David G. Armstrong, DPM, a podiatric surgeon at Keck Medicine of USC, tests the Apple Vision Pro headset.
David G. Armstrong, DPM, a podiatric surgeon at Keck Medicine of USC, tests the Apple Vision Pro headset.
David G. Armstrong, DPM, a podiatric surgeon at Keck Medicine of USC, tests the Apple Vision Pro headset.

A new study explores the pros and cons of using augmented-reality headsets in the operating room.

Is augmented reality ready to play a bigger role in surgery? A new study led by a physician from Keck Medicine of USC explores the pros and cons of one specific augmented-reality headset: Apple Vision Pro.

The Apple Vision Pro wearer sees their real-world surroundings — but overlaid with virtual elements. During surgery, the device displays data and images within the field of vision, letting surgeons access useful information without leaving the operating table or looking away from the patient. They can also use hand gestures or voice commands to interact with the data hands-free.

Augmenting reality in the operating room

Apple Vision Pro can enhance the way surgeons visualize complex anatomy. It can, for instance, superimpose images from preoperative scans, or images of underlying anatomy, onto the patient. It can even superimpose measurement tools that help surgeons during procedures.

VR- Armstrong 3

The study’s lead author, David G. Armstrong, DPM, a podiatric surgeon at Keck Medicine, and his colleagues used Apple Vision Pro during limb-preservation surgery on a 62-year-old male patient. During limb-salvage operations, augmented-reality headsets enable physicians to better visualize and analyze, in real time, blood flow and tissue conditions, as well as identify potential complications.

The patient required surgery to address diabetic hallux gangrene in his foot. The procedure involved a multidisciplinary team of podiatric, orthopaedic and vascular surgeons. First, the surgeons performed an angioplasty to open the narrowed blood vessels in the patient’s foot and ankle. Next, they applied antibiotic bone cement to eradicate osteomyelitis (swelling of bone tissue).

“During this procedure, Apple Vision Pro helped guide our incision placement and debridement of the bone and soft tissue. It enabled us to determine that the patient had enough blood flow in the area to allow it to heal,” Armstrong explains.

He adds that the device also allowed him to view the recipe for the antibiotic bone cement as he prepared it.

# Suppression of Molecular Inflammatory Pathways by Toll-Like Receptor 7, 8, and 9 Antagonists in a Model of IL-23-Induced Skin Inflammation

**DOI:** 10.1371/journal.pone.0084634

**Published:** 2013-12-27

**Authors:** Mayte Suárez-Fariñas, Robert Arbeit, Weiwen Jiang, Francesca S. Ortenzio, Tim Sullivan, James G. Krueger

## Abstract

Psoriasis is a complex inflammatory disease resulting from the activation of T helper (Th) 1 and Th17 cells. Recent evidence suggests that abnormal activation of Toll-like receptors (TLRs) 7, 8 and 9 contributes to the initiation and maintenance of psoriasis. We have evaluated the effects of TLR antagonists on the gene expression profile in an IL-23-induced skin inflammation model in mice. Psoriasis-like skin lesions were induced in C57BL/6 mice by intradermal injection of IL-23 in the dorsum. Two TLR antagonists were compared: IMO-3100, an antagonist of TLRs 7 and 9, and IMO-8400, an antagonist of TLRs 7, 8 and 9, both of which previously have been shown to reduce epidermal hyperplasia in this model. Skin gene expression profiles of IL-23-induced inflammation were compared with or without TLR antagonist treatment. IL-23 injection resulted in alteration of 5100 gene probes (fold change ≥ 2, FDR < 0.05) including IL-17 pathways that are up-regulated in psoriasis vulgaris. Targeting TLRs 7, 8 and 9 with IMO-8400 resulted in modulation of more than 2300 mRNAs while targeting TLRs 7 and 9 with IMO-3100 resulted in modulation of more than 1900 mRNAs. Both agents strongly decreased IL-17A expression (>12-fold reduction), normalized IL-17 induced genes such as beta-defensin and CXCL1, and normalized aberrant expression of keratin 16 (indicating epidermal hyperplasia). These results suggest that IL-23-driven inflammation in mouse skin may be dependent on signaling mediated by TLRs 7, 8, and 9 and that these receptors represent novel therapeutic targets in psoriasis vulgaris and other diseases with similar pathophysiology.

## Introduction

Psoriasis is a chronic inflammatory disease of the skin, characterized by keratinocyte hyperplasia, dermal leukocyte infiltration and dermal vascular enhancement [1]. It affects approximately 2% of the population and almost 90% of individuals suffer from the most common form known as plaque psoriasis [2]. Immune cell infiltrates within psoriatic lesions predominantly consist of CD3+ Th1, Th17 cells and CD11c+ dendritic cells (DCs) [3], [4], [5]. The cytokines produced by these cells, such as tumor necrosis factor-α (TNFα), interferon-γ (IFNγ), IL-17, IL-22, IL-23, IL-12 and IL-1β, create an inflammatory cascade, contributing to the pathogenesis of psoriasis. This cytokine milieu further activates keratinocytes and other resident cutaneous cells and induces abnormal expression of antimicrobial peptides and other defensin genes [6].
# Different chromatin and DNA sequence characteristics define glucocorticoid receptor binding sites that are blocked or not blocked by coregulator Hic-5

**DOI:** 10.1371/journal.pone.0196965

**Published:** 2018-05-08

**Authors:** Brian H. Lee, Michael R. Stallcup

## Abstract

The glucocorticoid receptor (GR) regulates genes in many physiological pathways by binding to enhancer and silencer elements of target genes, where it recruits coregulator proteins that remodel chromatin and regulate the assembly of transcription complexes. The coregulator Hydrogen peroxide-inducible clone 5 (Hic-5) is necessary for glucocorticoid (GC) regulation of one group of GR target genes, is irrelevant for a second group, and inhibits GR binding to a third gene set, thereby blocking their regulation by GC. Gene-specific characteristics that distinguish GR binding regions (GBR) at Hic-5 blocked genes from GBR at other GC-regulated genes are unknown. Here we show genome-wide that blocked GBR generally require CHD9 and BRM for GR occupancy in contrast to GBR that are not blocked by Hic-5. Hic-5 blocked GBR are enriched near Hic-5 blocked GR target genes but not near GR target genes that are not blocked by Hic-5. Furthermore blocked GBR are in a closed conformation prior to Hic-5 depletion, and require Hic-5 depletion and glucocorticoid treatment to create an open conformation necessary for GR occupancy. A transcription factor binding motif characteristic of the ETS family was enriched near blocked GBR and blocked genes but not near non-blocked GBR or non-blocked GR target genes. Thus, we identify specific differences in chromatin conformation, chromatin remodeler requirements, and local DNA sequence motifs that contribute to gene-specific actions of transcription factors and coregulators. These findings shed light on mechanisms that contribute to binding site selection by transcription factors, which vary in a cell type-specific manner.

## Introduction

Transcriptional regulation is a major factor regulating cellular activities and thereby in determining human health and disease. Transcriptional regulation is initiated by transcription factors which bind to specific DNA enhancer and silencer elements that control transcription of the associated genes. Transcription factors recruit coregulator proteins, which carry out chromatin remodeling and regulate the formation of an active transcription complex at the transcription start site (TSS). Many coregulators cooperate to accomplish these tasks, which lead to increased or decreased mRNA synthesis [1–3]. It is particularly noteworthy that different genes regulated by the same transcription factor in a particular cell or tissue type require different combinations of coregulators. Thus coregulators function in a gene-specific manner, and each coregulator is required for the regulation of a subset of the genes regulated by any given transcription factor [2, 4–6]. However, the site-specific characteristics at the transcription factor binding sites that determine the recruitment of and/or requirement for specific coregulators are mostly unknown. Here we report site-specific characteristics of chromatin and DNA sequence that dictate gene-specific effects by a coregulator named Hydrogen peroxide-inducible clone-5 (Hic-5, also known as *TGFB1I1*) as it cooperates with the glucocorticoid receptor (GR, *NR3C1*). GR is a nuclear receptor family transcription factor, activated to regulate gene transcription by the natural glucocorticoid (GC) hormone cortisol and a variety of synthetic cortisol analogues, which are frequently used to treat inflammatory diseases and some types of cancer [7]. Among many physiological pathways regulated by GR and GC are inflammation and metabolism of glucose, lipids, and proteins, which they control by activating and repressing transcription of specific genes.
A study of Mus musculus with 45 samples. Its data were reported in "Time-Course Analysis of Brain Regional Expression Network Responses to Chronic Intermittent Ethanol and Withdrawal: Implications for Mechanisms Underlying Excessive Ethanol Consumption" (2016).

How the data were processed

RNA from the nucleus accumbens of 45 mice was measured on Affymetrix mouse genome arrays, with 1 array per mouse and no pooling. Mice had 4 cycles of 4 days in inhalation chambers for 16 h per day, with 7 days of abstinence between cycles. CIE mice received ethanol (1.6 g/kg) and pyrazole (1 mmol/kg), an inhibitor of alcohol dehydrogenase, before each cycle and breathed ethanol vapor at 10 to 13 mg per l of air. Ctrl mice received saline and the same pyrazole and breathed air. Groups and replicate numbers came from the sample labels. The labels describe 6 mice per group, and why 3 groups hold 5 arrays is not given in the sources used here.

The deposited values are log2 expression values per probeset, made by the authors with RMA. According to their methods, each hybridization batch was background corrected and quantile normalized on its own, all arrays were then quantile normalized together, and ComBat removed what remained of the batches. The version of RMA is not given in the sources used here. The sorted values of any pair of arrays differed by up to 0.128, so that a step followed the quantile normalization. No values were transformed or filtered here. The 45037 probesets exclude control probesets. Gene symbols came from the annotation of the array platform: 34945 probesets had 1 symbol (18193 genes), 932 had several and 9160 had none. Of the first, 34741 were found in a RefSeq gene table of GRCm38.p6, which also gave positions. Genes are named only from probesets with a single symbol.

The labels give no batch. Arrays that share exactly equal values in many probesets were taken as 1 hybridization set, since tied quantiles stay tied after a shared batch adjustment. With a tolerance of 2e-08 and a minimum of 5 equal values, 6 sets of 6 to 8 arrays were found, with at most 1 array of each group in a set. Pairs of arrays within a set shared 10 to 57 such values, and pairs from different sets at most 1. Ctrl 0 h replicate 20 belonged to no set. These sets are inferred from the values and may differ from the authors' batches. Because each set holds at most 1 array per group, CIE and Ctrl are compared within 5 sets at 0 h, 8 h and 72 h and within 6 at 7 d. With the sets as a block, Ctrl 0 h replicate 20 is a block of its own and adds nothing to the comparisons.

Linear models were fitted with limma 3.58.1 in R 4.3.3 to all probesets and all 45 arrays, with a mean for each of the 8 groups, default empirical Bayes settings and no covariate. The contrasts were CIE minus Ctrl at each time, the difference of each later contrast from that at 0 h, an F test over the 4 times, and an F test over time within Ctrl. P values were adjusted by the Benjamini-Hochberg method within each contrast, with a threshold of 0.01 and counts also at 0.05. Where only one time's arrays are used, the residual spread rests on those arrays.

Still some limitations

Apple Vision Pro, as it stands today, still has some drawbacks for surgeons.

Its visual display might not be high-resolution enough for some procedures. “I think it’s fine for certain types of surgeries, but not others,” Armstrong says. “For intricate procedures, the resolution through the screen is not there yet.”

The study authors also note that the device requires virtual content to be “perfectly aligned with the natural view of the environment” — a degree of precision not always possible during surgery. “In addition,” they add, “the discrepancy between the 4D real world and the 2D virtual content on the display leads to perceptual issues such as difficulties with depth-of-field perception.”

Other drawbacks include the inability of people wearing the headsets to share what they’re seeing with each other, and a limited battery life (approximately 2 hours).

Another drawback? “You basically have ski goggles on your face the whole time,” Armstrong says.

Is there promise?

The study concludes that while Apple Vision Pro can improve some elements of surgical work, there are still limitations to adapting this consumer technology in a clinical setting.

For now, its main benefits may be in communication and documentation.

Apple Vision Pro enables surgeons in the OR to communicate with off-site physicians. It can record high-resolution spatial video and photographs to share with colleagues in real time.

It can also be a powerful training tool. For instance, during a second limb-preservation operation described in their study, Armstrong and his team were able to use Apple Vision Pro’s 3D camera to let medical trainees in Italy, California and Texas view the operation from the surgeon’s point of view simultaneously.

“The ability to educate with this will be extraordinary,” Armstrong says.

Apple Vision Pro may even help physicians better leverage preoperative and postoperative scans when designing custom prosthetics and implants to match a patient’s anatomy, or when creating 3D-printed biodressings.

Armstrong says it’s important that physicians continue to test the potential of augmented-reality headsets. This way, he says, “we can evaluate the best and worst aspects of them and try to push them forward.”

He says this is the first published study documenting use of Apple Vision Pro in surgery — and that he and his team were also first to document the medical use of Google Glass, FaceTime and WhatsApp.

Regarding Apple Vision Pro, Armstrong and his co-authors state in the study: “These early observations indicate that while Apple Vision Pro may soon improve aspects of surgical performance and education, further iteration, evaluation and experience are needed to fully understand its impact on patient outcomes and to refine its integration into clinical practice.”


David G. Armstrong, DPM, is a podiatric surgeon at Keck Medicine of USC and an internationally recognized leader in the field of diabetic foot, limb preservation, tissue repair and wound healing.